There is a skills gap in the manufacturing industry that is only increasing over time. Over a quarter of the manufacturing workforce is over the age of 55, and with fewer new recruits, analysts are predicting that by 2025, 2 million skilled manufacturing jobs will go unfilled. In an increasingly complex manufacturing world, rigorous and effective training is more important than ever before.
Augmented reality (AR) is changing the way that new recruits within manufacturing can be trained, helping to close the skills gap.
There a few ways that manufacturers fight the looming skills gap: slowing down the skills drain, maximizing current skills, and refilling the skills reservoir.
With such a large portion of the manufacturing workforce approaching retirement, some manufacturers are trying to delay worker retirement by offering boosted salaries and retirement funds to their most-valued employees. Although helpful in the short-term, it still doesn’t solve the problem, which is why other options need to be pursued simultaneously.
In order to tap into the wealth of skills and knowledge of experienced workers before they leave the workforce, manufacturers are exploring new technology and processes to capture and retain this knowledge so that it can be passed down to newer employees. By doing so, they are aiming to continually refill the skills reservoir.
AR is the merging of the physical and digital world and can be used to overlay a user’s field of vision with useful data about the world around them. Using AR, experts can share their knowledge in real-time with new recruits. Whether talking a new recruit through a new procedure or how to operate a specific tool from anywhere, this approach provides a more immersive learning experience for the recruit. Known as ‘remote assistance’, it allows for new recruits to safely get on the job training from experts and is especially valuable in that it allows knowledge transfer from experts to new recruits on a global scale, regardless of where individuals are based.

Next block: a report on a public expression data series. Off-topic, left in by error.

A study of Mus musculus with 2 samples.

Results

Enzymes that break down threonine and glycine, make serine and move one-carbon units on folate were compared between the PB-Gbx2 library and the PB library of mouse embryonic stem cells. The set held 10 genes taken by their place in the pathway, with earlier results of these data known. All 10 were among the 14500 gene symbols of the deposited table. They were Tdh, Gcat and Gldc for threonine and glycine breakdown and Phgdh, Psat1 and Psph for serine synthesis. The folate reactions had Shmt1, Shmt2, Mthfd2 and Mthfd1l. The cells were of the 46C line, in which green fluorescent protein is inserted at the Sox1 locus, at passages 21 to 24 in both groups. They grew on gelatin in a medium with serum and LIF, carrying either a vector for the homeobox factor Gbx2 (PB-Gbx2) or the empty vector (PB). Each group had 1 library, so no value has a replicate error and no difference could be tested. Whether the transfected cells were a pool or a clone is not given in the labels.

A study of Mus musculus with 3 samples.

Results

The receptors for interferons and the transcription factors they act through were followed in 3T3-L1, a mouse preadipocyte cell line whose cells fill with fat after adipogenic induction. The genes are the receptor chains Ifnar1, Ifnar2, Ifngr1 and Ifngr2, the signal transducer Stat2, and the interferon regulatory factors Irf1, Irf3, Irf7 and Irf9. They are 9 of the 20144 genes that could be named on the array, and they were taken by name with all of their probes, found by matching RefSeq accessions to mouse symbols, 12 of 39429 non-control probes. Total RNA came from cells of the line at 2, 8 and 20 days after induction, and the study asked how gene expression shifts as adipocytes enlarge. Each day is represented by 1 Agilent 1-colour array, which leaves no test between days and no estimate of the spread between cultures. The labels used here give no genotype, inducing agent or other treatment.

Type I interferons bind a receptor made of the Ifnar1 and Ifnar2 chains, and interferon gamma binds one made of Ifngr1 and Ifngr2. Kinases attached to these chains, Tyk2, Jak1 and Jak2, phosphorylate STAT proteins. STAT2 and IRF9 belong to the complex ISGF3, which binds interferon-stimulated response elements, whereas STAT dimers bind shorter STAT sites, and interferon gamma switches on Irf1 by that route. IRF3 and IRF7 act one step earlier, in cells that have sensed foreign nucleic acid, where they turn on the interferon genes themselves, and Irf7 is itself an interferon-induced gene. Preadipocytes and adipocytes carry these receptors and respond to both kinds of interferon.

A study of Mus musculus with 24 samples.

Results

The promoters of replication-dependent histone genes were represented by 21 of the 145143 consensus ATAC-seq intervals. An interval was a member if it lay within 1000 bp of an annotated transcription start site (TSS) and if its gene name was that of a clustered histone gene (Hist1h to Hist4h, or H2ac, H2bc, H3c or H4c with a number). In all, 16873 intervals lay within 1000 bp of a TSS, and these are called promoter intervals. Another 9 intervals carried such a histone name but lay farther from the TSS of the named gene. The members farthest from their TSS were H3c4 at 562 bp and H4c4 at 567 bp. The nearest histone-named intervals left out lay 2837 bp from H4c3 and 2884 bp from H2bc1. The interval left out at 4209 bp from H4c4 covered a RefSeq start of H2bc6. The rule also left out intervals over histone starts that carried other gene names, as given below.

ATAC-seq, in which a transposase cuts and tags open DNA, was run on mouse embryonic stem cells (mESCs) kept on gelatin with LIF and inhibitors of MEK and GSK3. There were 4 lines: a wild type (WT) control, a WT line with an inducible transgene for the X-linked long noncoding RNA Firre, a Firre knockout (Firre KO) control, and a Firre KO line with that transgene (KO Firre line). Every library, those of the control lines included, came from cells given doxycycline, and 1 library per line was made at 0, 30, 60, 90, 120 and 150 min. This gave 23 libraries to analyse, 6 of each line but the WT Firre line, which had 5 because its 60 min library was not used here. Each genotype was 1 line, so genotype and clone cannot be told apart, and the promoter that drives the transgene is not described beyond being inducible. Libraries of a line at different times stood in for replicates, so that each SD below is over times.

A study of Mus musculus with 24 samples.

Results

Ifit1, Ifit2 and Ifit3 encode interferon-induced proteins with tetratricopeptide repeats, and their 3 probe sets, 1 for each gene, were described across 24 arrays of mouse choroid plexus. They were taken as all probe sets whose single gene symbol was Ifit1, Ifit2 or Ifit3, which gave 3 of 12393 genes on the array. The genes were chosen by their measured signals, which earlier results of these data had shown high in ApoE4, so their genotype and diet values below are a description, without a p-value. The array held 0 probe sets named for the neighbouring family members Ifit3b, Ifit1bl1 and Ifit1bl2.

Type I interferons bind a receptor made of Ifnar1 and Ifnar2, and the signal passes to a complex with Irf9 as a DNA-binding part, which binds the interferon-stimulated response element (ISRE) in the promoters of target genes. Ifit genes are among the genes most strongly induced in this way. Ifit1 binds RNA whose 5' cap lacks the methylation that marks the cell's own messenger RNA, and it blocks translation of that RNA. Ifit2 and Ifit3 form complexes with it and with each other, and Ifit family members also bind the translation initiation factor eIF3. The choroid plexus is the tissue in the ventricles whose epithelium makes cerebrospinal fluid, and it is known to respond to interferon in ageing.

In the past, new recruits had to train using textbooks, manuals, and slide decks. Unfortunately, those training methods were not particularly easy to learn from, requiring a great deal of effort and energy to visualize 3D parts from abstract information. AR, however, places much less cognitive strain on new recruits, as they do not have to imagine what machines look like and how they operate, and instead, can see the parts in front of them. New employees can build their skills faster with step-by-step depictions of particular processes, reducing the likelihood of novice errors. AR is also helpful in retraining current and experienced workers on new processes and tools.
On the job training has been revolutionary for many manufacturers. At a time when the industry is facing a serious skills shortage, leading companies such as BAE Systems have found great success with AR. Utilizing PTC’s Vuforia studio, they reported a 10 times reduction in the cost of training, a 30% more effective training program, and a 50% reduction in battery assembly time.